Birmingham's business leaders have said they are "disappointed" after a long-awaited inquiry into the future of Britain's airports called for a third runway to be built at Heathrow.
Paul Kehoe, chief executive of Birmingham Airport, urged the Government to "move ahead with caution" in response to the Airports Commission's recommendations.
The airport had opposed expansion at Heathrow and called on the Government to back a strategic network of long-haul airports throughout the UK instead.
And Greater Birmingham Chamber of Commerce said expansion of Gatwick, rather than Heathrow, would offer more chances for airports outside the south east like Birmingham Airport to expand.
After three years of investigation, the Airports Commission said Heathrow was best placed to provide "urgently required" capacity.
It chose a new, full-length runway at Heathrow rather than expanding one of the airport's current runways or building a new one at Gatwick.
The commission also recommended a "comprehensive" package of measures to make Heathrow's expansion more acceptable to the local community.
This includes a ban on night flights from 11.30pm to 6am, legally binding limits on noise, a new levy to fund insulation for homes, schools and other community facilities around Heathrow and an independent noise authority.
Commission chairman Sir Howard Davies said the conclusions were "clear and unanimous".
He warned that London's airports were showing signs of "strain" and the entire system would be full by 2040 without action.
The Government will now consider the recommendations but the commission said a firm decision was needed soon as bringing a new runway into operation would take at least a decade.
But Mr Kehoe said: "Given the significant levels of growth we have seen at Birmingham Airport within this period, especially in long-haul routes, we urge the Government to move ahead with caution so as not to damage the ability of regional airports to grow.
"The Midlands is a powerful engine of growth at the heart of our country and needs direct aviation to succeed.
"With our £200 million investment in the airport, including our runway extension allowing for this summer's extended series of direct flights to Beijing, we are doing all we can to support the region's businesses and leisure passengers.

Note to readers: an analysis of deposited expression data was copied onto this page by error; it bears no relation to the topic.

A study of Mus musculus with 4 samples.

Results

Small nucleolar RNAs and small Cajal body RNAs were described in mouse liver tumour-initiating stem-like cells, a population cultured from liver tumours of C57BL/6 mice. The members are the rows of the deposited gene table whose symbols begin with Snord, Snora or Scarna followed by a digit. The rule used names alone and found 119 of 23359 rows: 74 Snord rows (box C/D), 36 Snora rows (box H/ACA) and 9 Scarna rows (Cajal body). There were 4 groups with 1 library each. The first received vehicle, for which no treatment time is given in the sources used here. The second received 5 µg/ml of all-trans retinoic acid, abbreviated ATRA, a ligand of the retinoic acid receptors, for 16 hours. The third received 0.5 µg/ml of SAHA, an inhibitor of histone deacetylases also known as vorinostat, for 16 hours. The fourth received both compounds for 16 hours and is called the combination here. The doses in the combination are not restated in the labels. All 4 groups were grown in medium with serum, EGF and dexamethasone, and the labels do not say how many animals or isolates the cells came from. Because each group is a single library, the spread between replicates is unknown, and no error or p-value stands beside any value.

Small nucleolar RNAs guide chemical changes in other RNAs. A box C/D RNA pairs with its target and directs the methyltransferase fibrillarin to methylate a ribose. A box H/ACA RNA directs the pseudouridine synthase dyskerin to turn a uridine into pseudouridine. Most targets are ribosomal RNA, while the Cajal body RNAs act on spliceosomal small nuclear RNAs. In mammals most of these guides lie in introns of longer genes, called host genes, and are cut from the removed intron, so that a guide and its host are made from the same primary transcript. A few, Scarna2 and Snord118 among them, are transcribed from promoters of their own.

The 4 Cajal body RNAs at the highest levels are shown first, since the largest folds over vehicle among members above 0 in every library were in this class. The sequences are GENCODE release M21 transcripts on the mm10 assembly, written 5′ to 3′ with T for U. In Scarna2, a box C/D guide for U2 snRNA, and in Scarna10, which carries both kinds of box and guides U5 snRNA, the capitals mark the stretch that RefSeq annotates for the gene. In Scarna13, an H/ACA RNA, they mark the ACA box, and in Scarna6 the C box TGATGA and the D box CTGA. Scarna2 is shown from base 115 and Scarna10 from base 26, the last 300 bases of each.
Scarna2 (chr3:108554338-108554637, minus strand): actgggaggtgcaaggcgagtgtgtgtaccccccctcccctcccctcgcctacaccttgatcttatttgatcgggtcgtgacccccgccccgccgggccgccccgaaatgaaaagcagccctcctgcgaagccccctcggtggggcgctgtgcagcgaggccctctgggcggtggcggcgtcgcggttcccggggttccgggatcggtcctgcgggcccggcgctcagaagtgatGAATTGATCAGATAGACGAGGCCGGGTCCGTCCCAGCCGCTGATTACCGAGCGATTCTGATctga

"Whilst the Government continues to review all the evidence before it, Birmingham Airport looks forward to continuing the expansion of our long-haul offering in support of the region's economy."
Paul Faulkner, incoming chief executive of the Greater Birmingham Chambers of Commerce, added: "We are disappointed that Davies has missed the opportunity to encourage a network of regional airports.
"Concentrating everything at Heathrow now embeds an unwelcome monopoly for Heathrow and the airlines. The cost to fly will now only increase.
"The report creates a big inconsistency in the Government's strategy to rebalance the economy away from London. HS2 is consistent with this vital ambition. Davies, by putting all the aviation eggs in one basket, is not.
"It will not help job creation outside of the South East and this is one of the major flaws in the report.
"There is also the argument that many business people in the Midlands want local, direct flights for both passengers and freight and not to be forced to use London airports."
He added: "However, we can regard Sir Howard's recommendations as an opportunity for Birmingham Airport to take advantage while Heathrow continues to be at full capacity.
"At best, it is predicted a third runway at Heathrow would not be operational for at least ten to 15 years and, in the meantime, airlines will continue to look for airports in the UK like Birmingham which has huge potential for more capacity."
Environmental campaigner Friends of the Earth condemned the announcement.
West Midlands branch campaigner Chris Crean said: "This report vacillates over a false choice - expansion at Heathrow or Gatwick - when neither can be allowed if we're to stop runaway global warming.
"Building a new runway at Gatwick or Heathrow would have a hugely damaging impact on local people and their environment and would be a step backwards in UK efforts to tackle climate change.
"Airport expansion also risks worsening local air pollution levels which already breach legal limits.
"The UK will be a laughing stock if it turns up at crucial climate talks in Paris later this year, claiming global leadership while at home having nodded through new runways, killed its onshore wind industry and foisted fracking on communities that don't want it."